We often get asked the question ‘Can I replace metal halide bulbs with LED bulbs in the same fitting?’ Whilst this would be nice and convenient it is unfortunately not possible at present. That is not to say it will never be possible. As most of us over-30-year-olds can testify, things that were totally impossible are suddenly and surprisingly ubiquitous the next minute. For those under 30 nothing is any longer regarded as impossible, so watch this space!
Although all lamps generate heat in some form or another, the way metal halide and other traditional forms of lighting work is very different to LED. Metal halide lamps push their heat forward. This means that they need a glass or high-temperature plastic cover to cope with the heat. However, the body or frame holding the bulb itself can be light and thin, often mild steel or plastic as there is no heat coming out the back of the lamp. By contrast LED’s generate a lot of heat but it flows out the back, with very little coming forward. In this way a plastic lens can be used for the front, but requires an aluminium heatsink as the back part of the housing to help remove the heat build-up. This simple contrast means that (for the moment) the way the 2 types of lamps operate is fundamentally too different to be able to make the change simply by replacing bulbs.
Whilst we are aware there are products on the market which claim to do this swap out, be very careful. At this point a realistic wattage replacement is 1.2kW of LED for a 2kW of metal halide power. As of mid-2018 this would be regarded as a highly efficient sports light. This means that the heat generated is equivalent to 240 x 5W domestic lamps, but crammed into a light that is about 600 x 600mm. If you were to further reduce this size to that of a 2kW bulb, it is technically, and practically, impossible to remove the heat. As a build-up of heat would destroy the LED’s, this leaves the only other conclusion that it cannot therefore produce the right amount of energy. This is of course simple to prove. Get lux readings of your existing lighting layout and then ask the supplier of the alternative bulbs to do the same. If they don’t have the facility to produce lighting layouts it is very unlikely that the product will work. If they can prove that it works then you know that science has again progressed and we need to do some catching up.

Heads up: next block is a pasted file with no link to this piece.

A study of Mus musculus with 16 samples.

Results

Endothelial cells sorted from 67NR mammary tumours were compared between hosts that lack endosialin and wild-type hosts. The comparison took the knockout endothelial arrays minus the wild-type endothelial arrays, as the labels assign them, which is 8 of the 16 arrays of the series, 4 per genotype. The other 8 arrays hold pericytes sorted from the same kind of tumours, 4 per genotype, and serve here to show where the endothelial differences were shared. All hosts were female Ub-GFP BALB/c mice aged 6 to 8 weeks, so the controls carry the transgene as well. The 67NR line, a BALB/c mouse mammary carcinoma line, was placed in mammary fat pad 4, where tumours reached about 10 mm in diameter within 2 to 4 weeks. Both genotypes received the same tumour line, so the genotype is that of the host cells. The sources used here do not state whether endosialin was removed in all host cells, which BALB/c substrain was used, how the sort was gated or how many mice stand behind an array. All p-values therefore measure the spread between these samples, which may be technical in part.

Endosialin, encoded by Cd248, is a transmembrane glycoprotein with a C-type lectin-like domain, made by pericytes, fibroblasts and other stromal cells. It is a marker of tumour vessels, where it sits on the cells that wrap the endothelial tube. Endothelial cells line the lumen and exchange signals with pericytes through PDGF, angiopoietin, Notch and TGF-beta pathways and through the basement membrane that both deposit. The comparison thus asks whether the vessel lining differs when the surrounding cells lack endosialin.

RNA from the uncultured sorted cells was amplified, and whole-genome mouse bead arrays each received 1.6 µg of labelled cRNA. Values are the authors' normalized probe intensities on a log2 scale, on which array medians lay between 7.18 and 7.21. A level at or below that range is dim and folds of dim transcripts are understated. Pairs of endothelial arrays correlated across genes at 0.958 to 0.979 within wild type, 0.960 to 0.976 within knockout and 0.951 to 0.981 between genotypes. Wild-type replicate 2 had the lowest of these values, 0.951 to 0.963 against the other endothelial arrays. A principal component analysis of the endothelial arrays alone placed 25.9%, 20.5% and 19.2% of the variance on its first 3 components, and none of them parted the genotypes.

The response is often ‘Well it works at home!’ This is perfectly true and is only possible due to the low current draw of these lamps and, consequently, the low amounts of heat that will be generated. The more that is expected out of a lamp in terms of light output, the more heat will be generated. Domestic lamps are often only 3 or 5W but produce a good glow in their setting. Compared to a high intensity lamp like a sports fitting, these domestic units are very large by comparison, giving a lot of surface area which also helps dissipate heat. If a sports light was created that used domestic 5W bulbs it would likely measure more than about 2sqm. Space in the ceiling of house is not really at a premium, hence light fittings don’t have to be very streamlined. However, having a large and heavy light 25m in the air increases the cost and engineering challenges for the pole manufacturers. Additionally, if clubs are wanting to replace metal halide fittings with LED, the modules have to be similar to the metal halides in dimensions and weight for the same reason.
The only viable solution currently is to have a module that is matched in size and weight as mentioned, but then also has optimised light output to compare with the metal halide.
So, proceed with caution if the option looks too simple and cheap. As with most things in life, if it looks too good to be true, it may be just that!